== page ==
Government-issued cryptocurrencies: An overview
When Bitcoin started back in 2009, one of its core ideals was decentralization. In other words, Bitcoin didn’t need a centralized authority to issue it and, as such, its legitimacy and value relied on the interconnected system of digital ledgers verifying the transactions.
Eleven years and over six thousand crypto assets later, we live in a very different world where governments are finally getting involved in the world of cryptocurrency. Since day one, governments have been keeping an eye on the cryptocurrency market. Let’s not forget the UK’s investigation on cryptos back in 2014 as one very vocal example.
As cryptos have gained popularity, blockchain technology has expanded into other areas, for example, it’s being used by software outsourcing companies like BairesDev to provide innovative solutions to their clients. Governments are following the trend and are both implementing blockchain solutions as well as trying to legislate over crypto-trading.
Right now, opinions on cryptos are as diverse as our cultural differences. Thus, some countries like Israel tax them as assets, others, like Bolivia, actively prohibit trading with them, and others like Belize, don’t have any particular legislation related to cryptocurrencies. But regardless of policies in favor or against, everyone is paying attention to them.
What’s more – some countries have gone one step beyond and are actively developing or implementing their own crypto-based assets. The question, however, remains: is that a good idea? Should traders invest in these cryptocurrencies? Are they even cryptocurrencies?
Ecuador’s ill-fated experiment: The first steps
Back in 2015, Ecuador became the first country to officially launch a digital currency, the Sistema de Dinero Electrónico. While the system wasn’t a cryptocurrency in any sense of the word, it did make the news as the first state-sponsored e-wallet.
Many saw this as an optimistic take on digital currencies from a progressive government, while critics were quick to point out that a few months prior Ecuador had banned bitcoin and crypto trading. So it looked more like a power move to monopolize digital currencies than a true move towards its free adoption.
Ironically, while Ecuador’s government criticized cryptocurrencies and pretty much painted them as a sham, Bitcoin trading kept growing. In 2018, while bitcoin kept getting stronger, the government’s experiment came to a sad end, as they announced that complete deactivation of the system would happen in mid-April.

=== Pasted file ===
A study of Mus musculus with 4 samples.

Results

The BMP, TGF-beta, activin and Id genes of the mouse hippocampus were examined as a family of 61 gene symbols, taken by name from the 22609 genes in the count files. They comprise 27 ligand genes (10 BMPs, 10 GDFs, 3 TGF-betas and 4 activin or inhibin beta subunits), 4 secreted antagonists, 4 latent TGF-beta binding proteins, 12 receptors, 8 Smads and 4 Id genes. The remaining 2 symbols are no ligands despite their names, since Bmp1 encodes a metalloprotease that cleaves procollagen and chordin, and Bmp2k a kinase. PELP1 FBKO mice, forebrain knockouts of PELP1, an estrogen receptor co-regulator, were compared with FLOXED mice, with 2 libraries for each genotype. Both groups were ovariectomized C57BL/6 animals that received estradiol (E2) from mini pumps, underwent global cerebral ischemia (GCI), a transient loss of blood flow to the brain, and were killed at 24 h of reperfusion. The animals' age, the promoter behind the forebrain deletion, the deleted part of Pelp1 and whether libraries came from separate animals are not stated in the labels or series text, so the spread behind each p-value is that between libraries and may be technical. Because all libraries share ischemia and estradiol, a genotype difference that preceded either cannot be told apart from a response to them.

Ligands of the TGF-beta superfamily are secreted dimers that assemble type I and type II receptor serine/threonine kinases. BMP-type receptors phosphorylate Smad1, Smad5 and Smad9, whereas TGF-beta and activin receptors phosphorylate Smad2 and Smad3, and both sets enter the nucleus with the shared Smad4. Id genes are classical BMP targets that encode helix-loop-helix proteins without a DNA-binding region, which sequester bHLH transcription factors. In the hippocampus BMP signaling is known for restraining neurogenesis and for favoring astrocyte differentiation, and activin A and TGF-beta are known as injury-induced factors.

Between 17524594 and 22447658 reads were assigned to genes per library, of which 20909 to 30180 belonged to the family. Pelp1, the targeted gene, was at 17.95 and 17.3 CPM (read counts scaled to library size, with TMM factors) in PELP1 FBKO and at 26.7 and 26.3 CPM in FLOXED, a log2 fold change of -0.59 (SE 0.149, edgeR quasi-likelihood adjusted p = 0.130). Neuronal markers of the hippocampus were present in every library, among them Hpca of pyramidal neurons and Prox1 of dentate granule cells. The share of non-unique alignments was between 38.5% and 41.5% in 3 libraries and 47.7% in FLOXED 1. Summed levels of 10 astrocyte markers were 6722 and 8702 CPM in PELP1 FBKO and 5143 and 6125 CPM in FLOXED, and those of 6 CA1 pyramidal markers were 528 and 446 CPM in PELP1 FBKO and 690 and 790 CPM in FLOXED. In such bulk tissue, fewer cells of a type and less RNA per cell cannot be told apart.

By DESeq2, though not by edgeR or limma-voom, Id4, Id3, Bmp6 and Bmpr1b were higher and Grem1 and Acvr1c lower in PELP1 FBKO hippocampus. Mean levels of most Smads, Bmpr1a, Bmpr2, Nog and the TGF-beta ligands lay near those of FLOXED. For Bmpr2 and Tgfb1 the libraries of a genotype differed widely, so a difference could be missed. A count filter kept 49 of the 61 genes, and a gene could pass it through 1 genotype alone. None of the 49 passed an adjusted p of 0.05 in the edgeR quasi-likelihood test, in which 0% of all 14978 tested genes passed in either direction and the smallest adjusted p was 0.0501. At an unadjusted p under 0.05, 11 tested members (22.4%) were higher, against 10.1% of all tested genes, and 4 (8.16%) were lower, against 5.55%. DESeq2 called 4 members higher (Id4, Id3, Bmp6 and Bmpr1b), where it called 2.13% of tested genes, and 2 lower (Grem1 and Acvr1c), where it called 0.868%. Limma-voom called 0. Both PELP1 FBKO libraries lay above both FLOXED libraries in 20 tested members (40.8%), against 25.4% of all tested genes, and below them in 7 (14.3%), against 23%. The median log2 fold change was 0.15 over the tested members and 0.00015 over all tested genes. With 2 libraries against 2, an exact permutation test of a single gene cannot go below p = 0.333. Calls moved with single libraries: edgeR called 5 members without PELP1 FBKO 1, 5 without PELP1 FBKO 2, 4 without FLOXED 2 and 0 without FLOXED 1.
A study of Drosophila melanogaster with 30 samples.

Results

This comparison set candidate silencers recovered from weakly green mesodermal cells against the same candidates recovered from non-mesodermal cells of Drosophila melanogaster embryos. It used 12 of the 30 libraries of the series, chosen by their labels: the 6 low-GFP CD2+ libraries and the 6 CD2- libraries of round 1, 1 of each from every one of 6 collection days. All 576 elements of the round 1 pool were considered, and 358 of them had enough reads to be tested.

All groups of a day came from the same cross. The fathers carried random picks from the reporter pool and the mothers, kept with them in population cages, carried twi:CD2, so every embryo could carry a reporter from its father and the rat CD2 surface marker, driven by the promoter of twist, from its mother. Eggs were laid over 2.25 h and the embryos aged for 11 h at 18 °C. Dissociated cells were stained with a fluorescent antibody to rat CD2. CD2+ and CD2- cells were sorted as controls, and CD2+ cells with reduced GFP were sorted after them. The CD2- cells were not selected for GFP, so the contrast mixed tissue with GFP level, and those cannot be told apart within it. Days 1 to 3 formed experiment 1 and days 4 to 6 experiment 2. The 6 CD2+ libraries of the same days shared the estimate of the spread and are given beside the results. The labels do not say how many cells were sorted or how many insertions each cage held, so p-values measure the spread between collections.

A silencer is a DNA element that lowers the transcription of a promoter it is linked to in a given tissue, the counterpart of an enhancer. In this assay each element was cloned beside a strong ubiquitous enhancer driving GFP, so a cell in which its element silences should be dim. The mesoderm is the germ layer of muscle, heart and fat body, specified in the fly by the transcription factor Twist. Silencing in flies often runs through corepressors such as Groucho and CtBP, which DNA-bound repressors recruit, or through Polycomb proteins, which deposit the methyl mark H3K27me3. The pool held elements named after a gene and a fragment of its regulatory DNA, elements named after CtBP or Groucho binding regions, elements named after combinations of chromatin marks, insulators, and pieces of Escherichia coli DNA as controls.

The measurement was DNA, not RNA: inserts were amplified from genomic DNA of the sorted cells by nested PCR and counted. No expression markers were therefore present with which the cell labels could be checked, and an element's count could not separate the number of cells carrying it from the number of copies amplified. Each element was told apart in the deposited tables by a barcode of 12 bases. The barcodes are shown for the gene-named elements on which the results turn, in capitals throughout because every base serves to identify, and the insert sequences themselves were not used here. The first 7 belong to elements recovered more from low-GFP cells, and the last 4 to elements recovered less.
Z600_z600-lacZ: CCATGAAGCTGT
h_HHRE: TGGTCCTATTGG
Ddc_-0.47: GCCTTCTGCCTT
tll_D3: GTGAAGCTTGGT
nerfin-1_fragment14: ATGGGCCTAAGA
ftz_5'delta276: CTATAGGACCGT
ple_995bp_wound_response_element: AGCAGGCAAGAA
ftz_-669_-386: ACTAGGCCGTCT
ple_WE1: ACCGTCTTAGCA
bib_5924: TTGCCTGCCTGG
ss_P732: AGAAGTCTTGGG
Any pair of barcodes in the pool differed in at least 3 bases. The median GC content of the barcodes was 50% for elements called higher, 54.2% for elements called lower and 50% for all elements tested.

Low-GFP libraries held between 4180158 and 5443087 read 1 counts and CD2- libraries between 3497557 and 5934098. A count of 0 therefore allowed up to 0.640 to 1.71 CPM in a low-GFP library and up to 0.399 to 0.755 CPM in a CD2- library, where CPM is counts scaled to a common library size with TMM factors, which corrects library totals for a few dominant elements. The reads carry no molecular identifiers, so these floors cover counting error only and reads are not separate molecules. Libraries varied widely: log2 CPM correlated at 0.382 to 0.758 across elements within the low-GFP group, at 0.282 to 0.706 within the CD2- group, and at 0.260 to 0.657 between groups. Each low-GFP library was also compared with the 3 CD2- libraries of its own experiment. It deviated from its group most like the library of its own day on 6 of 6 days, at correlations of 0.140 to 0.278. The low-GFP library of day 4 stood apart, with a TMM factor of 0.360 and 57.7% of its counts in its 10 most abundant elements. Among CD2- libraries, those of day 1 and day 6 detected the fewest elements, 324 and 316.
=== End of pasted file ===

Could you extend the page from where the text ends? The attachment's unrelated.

This was a hard blow, not only for Ecuador but for critics worldwide who claim that cryptos lack value since they aren’t backed by an institution or country. In the end, it was the decentralized system that survived the test of time.
Latin American’s second attempt: the Petro
As Ecuador’s digital currency was crashing, another Latin American country caught the attention of crypto traders: Venezuela. This time, the state-sponsored coin, the Petro, was based on blockchain technology, could be used as a trading currency inside and outside the country, and its value was backed by Venezuela’s oil market.
It sounded too good to be true – and it was. The Petro’s launch was fraught with a myriad of troubles, from vague statements from the Venezuelan government to outright lies. For example, officials stated that before the release of the Petro they had already sold over 700 million dollars.
When crypto-traders checked the blockchain they quickly realized that every single Petro was owned by a single wallet and there wasn’t even one transaction. So, was the Petro a scam? Not really. The Blockchain exists, and people have been able to buy and sell Petros.
Nevertheless, the currency is shrouded in mystery and drama. For example, Joey Zhou, Etherium’s creator, pointed out that the Petro’s whitepaper was a blatant clone of Dash’s. And the latest controversy seems to be that the Petro was hard-forked a couple of weeks ago, with the block explorer showing that the genesis block was mined in 2018 and on May 5th, 2020.
While the Petro might not have been Venezuela’s solution to US sanctions, the fact that a state would even turn to a cryptocurrency as a strategy to confront the US is a clear indicator of how big role cryptos are going to play soon.
The world is going crypto
Government-issued cryptocurrencies might have started with the wrong foot, but 2020 has been full of surprises (aside from a pandemic, that is). Seoul, the capital of South Korea, wants to launch its own S-coin within the next year, a digital currency that is given as a reward to citizens for doing their civic duty (like paying taxes).
The S-coin might be smaller in scope than Petros but, at the same time, it’s an interesting experiment in social engineering, a way to reinforce civic behavior that can be exchanged for prizes and other social benefits.
China is the country to keep an eye out for. With the recent release of the Blockchain Service Network and some leaked images online it seems like China is preparing to release a digital-yuan any day now.
If that were the case, that would make China’s cryptocurrency the first digital currency backed by a truly massive economy, and with the right incentives, it could even be a rival to the dollar in international markets.
Government issued cryptocurrencies – Conclusion
Of course, for many, the centralized nature of government-issued digital currency defeats the purpose of cryptocurrencies, to have a safe and open system that doesn’t rely on the whims of a particular entity, but rather that derives its value from its users. Will people bet on a digital currency that has the same limitations we were trying to get away from? Only time will tell.